July 18 2018 By Eddie Staltari, Senior Media and Communications Advisor

Australia’s leading organisation for the prevention of violence against women, Our Watch, has today launched a resource aimed at tackling the horrific prevalence of violence against Aboriginal and Torres Strait Islander women.

Changing the picture Image

Australia’s leading organisation for the prevention of violence against women, Our Watch, has today launched a resource aimed at tackling the horrific prevalence of violence against Aboriginal and Torres Strait Islander women. 

Changing the picture contains a set of clear actions that are needed to address the many drivers of violence against Aboriginal and Torres Strait Islander women, and is aimed at encouraging, guiding and supporting a national effort to prevent this violence. 

Vicky Welgraven, Adnyamathanha woman and Our Watch Board Director, said the resource was aimed at both Indigenous and non-Indigenous organisations across diverse settings and geographic contexts, and demonstrated the importance of healing for Aboriginal and Torres Strait Islander people.  

“Violence against women is such a huge and devastating problem for some of our communities,” Ms Welgraven said.   

“Our Watch is saying we need a shared nationwide effort and that’s absolutely right – we all need to work together to prevent this violence happening into the future”. 

 “What our communities need is effective healing – for our men, our women and our children. We need to be empowered to lead that work ourselves, in culturally safe ways”. 

Our Watch worked extensively with Aboriginal and Torres Strait Islander people and organisations to develop Changing the picture, and the resource was informed by the many decades of Aboriginal and Torres Strait Islander people's activism on this issue. 

Our Watch Chief Executive Officer, Patty Kinnersly, said it was up to all Australians to prevent violence against Aboriginal and Torres Strait Islander women.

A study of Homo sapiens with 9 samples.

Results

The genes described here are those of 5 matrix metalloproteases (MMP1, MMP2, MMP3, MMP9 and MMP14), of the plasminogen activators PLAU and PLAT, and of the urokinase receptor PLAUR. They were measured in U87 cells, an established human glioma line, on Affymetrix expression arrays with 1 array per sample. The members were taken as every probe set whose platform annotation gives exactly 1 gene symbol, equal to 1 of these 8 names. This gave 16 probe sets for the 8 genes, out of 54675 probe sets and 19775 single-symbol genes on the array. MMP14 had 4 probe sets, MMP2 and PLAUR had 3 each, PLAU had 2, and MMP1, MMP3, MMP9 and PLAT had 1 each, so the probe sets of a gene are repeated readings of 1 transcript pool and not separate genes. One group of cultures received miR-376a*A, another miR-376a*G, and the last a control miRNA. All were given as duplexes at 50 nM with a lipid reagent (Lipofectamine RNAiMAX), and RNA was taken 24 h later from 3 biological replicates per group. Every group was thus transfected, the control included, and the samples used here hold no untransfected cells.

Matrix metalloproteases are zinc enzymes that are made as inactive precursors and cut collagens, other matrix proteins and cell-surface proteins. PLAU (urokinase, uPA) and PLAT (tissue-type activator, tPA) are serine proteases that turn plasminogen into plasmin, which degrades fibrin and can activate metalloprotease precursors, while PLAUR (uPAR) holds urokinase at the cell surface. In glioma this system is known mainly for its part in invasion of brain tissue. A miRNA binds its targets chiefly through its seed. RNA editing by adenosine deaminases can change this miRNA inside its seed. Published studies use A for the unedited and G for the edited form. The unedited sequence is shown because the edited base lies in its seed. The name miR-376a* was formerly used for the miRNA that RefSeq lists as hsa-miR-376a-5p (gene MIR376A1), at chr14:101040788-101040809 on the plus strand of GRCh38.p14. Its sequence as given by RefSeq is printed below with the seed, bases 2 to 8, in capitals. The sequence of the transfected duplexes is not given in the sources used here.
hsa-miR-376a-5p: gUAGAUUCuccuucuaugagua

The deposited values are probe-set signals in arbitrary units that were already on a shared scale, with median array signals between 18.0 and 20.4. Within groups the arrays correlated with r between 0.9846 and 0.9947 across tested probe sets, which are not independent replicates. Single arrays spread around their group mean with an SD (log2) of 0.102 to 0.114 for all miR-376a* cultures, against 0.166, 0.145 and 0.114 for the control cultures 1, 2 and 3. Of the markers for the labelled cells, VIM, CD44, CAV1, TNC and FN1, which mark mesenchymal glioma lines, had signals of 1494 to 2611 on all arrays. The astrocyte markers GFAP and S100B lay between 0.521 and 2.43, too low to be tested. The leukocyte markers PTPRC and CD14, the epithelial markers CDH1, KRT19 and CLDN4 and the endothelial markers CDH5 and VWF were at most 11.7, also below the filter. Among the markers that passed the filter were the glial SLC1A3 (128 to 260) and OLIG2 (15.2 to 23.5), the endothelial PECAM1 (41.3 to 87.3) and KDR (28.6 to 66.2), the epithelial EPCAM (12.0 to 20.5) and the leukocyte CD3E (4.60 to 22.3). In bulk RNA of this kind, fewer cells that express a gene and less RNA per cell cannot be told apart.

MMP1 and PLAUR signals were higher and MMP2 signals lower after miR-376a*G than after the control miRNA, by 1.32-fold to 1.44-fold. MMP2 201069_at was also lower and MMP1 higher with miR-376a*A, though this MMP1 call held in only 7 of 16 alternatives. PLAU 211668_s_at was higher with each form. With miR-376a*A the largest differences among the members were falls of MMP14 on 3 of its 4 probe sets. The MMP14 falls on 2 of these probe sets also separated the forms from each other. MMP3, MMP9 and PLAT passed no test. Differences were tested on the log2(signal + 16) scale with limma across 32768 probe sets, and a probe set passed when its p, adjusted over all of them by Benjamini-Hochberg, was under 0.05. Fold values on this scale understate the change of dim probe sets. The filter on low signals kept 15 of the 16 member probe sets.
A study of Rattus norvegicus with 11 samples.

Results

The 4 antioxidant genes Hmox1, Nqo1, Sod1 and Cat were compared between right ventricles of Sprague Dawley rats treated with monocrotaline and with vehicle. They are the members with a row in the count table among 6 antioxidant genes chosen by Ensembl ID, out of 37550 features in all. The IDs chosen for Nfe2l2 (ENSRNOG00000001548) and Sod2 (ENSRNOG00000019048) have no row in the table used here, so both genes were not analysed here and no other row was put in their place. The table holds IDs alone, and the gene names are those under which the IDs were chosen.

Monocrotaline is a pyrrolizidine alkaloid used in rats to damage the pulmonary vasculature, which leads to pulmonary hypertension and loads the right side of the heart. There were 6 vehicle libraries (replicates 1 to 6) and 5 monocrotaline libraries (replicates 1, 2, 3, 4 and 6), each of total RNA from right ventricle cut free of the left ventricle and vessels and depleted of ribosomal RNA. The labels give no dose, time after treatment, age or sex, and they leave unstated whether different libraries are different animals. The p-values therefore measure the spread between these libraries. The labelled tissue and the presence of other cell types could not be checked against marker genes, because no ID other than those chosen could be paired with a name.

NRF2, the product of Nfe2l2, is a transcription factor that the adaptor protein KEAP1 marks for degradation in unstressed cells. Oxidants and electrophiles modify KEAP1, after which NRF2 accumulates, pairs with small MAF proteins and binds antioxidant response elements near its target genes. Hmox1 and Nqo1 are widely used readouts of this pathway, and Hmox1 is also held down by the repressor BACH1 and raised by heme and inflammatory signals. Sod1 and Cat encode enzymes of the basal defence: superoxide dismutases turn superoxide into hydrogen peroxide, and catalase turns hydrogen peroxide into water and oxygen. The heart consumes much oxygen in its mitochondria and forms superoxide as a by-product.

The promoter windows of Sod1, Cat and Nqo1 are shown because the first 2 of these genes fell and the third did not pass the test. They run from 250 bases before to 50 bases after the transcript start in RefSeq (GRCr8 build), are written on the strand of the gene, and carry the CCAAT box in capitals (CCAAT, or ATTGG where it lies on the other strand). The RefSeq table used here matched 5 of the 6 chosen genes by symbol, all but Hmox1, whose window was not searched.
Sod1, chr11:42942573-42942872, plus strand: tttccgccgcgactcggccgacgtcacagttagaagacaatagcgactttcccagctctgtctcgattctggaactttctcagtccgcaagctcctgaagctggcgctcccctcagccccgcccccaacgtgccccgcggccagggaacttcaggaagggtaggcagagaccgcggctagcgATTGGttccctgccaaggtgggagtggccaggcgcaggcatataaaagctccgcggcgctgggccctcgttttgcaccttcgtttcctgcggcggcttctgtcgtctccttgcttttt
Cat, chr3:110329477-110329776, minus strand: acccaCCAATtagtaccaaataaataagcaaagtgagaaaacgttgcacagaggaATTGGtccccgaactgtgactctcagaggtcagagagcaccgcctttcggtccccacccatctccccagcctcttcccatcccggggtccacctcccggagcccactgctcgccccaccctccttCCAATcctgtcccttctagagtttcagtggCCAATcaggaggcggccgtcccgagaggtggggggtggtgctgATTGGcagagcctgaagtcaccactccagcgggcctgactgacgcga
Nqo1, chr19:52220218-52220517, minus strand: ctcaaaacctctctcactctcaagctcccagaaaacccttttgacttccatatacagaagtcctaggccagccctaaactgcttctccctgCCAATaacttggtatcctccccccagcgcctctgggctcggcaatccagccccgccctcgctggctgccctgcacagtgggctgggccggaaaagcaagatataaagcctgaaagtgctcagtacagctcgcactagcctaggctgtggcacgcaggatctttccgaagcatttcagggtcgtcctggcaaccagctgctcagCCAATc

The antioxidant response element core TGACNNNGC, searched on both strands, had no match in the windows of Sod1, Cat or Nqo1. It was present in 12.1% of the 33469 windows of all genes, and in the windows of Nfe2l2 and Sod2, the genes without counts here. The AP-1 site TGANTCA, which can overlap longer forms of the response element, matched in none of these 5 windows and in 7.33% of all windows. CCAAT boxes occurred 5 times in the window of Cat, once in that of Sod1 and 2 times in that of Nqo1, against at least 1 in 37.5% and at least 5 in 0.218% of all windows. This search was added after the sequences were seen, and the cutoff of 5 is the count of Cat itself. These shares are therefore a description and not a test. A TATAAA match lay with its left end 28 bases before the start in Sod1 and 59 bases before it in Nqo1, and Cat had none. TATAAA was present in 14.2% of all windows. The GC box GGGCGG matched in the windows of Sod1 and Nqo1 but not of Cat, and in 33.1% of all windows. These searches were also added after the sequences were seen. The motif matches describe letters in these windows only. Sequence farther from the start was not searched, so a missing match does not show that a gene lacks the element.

“Violence against women, including Aboriginal women, is not an ‘Aboriginal and Torres Strait Islander problem,' nor should they bear sole responsibility for fixing it,” Ms Kinnersly said.  

 “This is a national problem, with complex historical and contemporary drivers located right across Australian society. These include both racism and sexism, and the ongoing impacts of colonisation. That means we all have a part to play in preventing this violence”.   

Aboriginal and Torres Strait Islander women experience disproportionate rates of violence, and the violence is often more severe. 

The statistics are shocking:  

  • In Australia, Indigenous women are more than three times likely to experience violence than non-Indigenous women.  
  • Three in five Aboriginal and Torres Strait Islander women have experienced physical or sexual violence by a male intimate partner.
  • Aboriginal and Torres Strait Islander women are eleven times more likely to die as a result of assault. 
  • Aboriginal and Torres Strait Islander children are at far greater risk of exposure to family violence. More than two-thirds of Aboriginal and Torres Strait Islander adults who experience violence share their household with children. 

Our Watch pays tribute to the important contribution of the Aboriginal and Torres Strait Islander people and organisations that worked on this resource, in particular the Aboriginal and Torres Strait Islander Women's Advisory Group. 

Changing the picture is available to download from the Our Watch website here.